This is a guest post by Brandon J. Mendelson.
I have successfully pitched stories and thoughts to local and national media outlets, ranging from the Albany Times Union, where I volunteer as a blogger, to The Christian Science Monitor, MSNBC.com, E! Online, Newsweek, the LA Times, and others. Working as both a blogger and journalist for the past eight years has provided me with some insight on how to pitch successfully. Proceed with the knowledge that you will only succeed in pitching if you persist. If you do not, these tips are useless.
1. Tell Me About Your Blog. Briefly.
In the comment section for this post, can you describe your blog in a sentence? Two? If you can’t quickly describe your blog, to anyone really, the reporter or editor will move on.
Exercise: Pretend you are leaving a voice mail and only have so much time for your message. What do you cut?
2. How Do I Contact You?
Your email signature is useless. Include at the end of your email the best and preferred method of contact.
3. What’s The Hook?
Find a relevant hook. Daniel’s blog focuses on blogging tips. In Massena, New York, the GM plant is closing. How about a pitch that explains why your blogging tips could help the recently laid off employees make money?
Find a local hook. Local outlets want local news, simple right? So find a way to tie your blog to something going on in local markets. Do some research before contacting a reporter or editor.
4. No All Purpose Emails Or Press Releases
The press release is dead. Sending one to a reporter that has not asked for it is deadly. Ditto with blanket emails. Make every email personal. Yes, it takes time, but you want to have your blog talked about, right?
Remember: If there is a designated editor for the area you are pitching, contact the editor before the reporter.
Within your email, you may include a link to your press release and previous press for further information, but …
5. No, I will Not Click On Your Link
Do not just send links. Your email must be self contained. If there is interest, you can provide further information later or include links at the end of your email. Linking out says you’re lazy and the odds of a busy, layoff fearing reporter taking the time to visit your website if there is no interest are low.
Also: Do not contact reporters for every announcement. Wait until you have something groundbreaking. Try the Brandon test: Talk to your offline friends and ask for their opinion. If they’re interested, you may proceed in contacting reporters.
6. The Follow-up
After a week, you may send a brief note to inquire about your pitch. If you do not hear anything, the second week you may call. Do not call until you’ve waited the appropriate amount of time. If you are unsuccessful, move on. You will meet many dead ends, the important thing is to keep moving forward.
And of course, never, ever assume that your email was all you need to do. Some journalists are old school and want you to call and follow-up.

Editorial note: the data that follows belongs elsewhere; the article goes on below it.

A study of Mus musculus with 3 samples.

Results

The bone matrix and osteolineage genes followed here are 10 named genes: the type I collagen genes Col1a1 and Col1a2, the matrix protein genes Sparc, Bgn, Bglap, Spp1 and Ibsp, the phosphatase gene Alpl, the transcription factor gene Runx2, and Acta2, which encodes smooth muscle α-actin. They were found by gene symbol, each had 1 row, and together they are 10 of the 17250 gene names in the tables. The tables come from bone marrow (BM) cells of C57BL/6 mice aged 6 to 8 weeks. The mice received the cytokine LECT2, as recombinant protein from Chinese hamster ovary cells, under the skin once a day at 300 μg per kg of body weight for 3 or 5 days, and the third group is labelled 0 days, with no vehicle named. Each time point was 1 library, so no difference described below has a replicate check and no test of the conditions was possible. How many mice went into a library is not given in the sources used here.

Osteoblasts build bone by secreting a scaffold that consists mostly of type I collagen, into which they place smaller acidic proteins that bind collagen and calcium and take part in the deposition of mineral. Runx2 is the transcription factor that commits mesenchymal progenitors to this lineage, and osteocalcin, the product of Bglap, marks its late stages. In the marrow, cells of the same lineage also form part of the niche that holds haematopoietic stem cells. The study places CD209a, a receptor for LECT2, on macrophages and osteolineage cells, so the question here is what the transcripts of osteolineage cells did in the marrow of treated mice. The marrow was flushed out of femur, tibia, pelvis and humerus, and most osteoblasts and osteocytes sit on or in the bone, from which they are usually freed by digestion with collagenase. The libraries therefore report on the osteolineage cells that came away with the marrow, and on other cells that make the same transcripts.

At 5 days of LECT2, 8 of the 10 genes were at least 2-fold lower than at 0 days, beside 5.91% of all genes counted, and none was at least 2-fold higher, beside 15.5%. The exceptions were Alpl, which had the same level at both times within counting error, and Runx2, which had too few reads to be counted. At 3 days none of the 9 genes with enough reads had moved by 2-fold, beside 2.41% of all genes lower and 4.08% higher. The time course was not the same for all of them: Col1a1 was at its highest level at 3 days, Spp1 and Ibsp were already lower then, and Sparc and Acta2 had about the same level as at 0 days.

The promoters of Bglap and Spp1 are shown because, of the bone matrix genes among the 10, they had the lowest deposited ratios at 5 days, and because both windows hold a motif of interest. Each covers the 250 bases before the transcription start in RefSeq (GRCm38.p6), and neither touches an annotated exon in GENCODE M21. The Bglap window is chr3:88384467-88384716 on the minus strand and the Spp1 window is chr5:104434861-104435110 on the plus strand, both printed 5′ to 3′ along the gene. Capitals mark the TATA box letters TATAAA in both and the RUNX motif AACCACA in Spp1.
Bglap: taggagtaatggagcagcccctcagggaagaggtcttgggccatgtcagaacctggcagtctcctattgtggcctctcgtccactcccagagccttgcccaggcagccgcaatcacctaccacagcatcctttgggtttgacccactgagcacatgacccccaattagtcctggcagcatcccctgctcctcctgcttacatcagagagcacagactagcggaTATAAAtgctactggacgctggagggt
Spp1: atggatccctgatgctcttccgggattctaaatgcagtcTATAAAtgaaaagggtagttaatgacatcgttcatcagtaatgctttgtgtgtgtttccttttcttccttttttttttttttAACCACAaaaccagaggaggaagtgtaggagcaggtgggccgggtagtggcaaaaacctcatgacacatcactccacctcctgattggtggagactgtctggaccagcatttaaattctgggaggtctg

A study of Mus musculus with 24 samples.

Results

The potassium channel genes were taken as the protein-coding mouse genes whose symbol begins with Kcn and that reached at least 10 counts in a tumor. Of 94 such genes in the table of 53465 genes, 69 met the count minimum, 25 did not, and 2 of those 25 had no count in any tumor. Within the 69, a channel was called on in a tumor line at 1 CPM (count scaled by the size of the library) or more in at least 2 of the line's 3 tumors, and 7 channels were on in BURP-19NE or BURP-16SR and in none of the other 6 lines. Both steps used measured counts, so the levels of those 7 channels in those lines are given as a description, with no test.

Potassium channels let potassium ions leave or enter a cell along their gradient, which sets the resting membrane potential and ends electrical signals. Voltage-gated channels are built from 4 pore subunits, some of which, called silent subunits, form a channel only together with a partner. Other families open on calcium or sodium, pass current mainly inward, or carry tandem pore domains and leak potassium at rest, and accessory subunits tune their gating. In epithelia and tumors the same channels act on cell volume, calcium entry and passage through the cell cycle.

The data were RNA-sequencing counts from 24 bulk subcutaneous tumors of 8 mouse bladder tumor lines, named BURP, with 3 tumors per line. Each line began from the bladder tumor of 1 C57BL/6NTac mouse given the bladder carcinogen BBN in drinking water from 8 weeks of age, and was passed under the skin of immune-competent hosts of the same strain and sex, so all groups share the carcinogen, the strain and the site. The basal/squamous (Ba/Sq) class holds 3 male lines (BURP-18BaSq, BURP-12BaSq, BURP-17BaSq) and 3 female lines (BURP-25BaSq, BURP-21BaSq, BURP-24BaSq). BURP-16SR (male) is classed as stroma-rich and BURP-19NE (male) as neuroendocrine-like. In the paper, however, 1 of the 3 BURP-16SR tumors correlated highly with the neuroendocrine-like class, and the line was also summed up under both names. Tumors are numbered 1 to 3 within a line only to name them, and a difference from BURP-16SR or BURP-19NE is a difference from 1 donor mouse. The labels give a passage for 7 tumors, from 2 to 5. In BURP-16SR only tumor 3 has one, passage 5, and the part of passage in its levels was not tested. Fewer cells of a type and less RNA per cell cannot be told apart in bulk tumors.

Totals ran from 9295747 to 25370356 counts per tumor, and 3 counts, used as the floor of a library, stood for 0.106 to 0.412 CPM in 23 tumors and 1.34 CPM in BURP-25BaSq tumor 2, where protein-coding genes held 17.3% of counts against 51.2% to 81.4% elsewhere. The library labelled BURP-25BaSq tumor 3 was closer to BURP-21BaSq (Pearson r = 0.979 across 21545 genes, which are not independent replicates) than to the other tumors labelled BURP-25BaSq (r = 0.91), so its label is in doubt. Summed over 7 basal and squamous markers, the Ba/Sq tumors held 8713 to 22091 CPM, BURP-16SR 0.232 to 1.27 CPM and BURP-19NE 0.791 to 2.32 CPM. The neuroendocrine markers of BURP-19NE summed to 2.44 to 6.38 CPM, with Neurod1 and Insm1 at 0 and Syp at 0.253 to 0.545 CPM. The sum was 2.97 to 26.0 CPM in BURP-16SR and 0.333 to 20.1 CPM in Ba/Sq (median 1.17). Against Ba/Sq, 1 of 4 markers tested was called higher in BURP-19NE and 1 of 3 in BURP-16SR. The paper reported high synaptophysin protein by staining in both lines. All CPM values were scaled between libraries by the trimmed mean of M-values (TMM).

Make friends. This will be the difference between getting your story covered and being ignored.
Media breeds media. Once you have an outlet reporting about you, it lends credibility to your blog and allows you to advance to bigger outlets.
Look at it like this: I am twittering my way across America to fight breast cancer. You can find details by following me on Twitter @BJMendelson. The New York Times won’t cover this story, and it is unlikely television reporters will at first. They want to see who I am, how other outlets treat me, and if I can present myself in an intelligent way. So you start small. Contact smaller blogs and local newspapers, then move to medium blogs and regional newspapers, then to large blogs and city papers. This is the same for television and radio.
Once you have built to a critical mass, one of two things will happen:
1. The New York Times or Oprah will come to you
2. You will be well positioned to go to them.
FYI: Don’t call the Oprah people, they are not fans of the cold call as I learned.
8. Punchy Email Subject Lines
Many people won’t even have the time or will to open your email. If you use a punchy or catchy subject line, however, your chances increase.
Try to be descriptive and succinct at the same time.
9. Make It Personal
Sometimes your own story makes what you’re pitching interesting. What from your background ties you to the outlet or community? I am a former Alfred State College student. So when I contact media outlets in Western New York, I mention this.
Never email general email accounts.. Find out who covers what, look at their previous stories, and if you can’t tie in your pitch or find a local connection, make a pitch about how your blog ties into that outlets area of coverage.
This is not a perfect list. Far from it; however, my intention is to be helpful to my fellow bloggers and relieve some of the stress induced by bloggers for my fellow journalists. Pitch well.
Brandon J. Mendelson is a graduate student attending UAlbany and a published American humorist. He has been quoted in the LA Times, Newsweek, the Associated Press, and on MSNBC.com among others. You can follow him on Twitter or on his blog, The Graduate Student Survival Blog.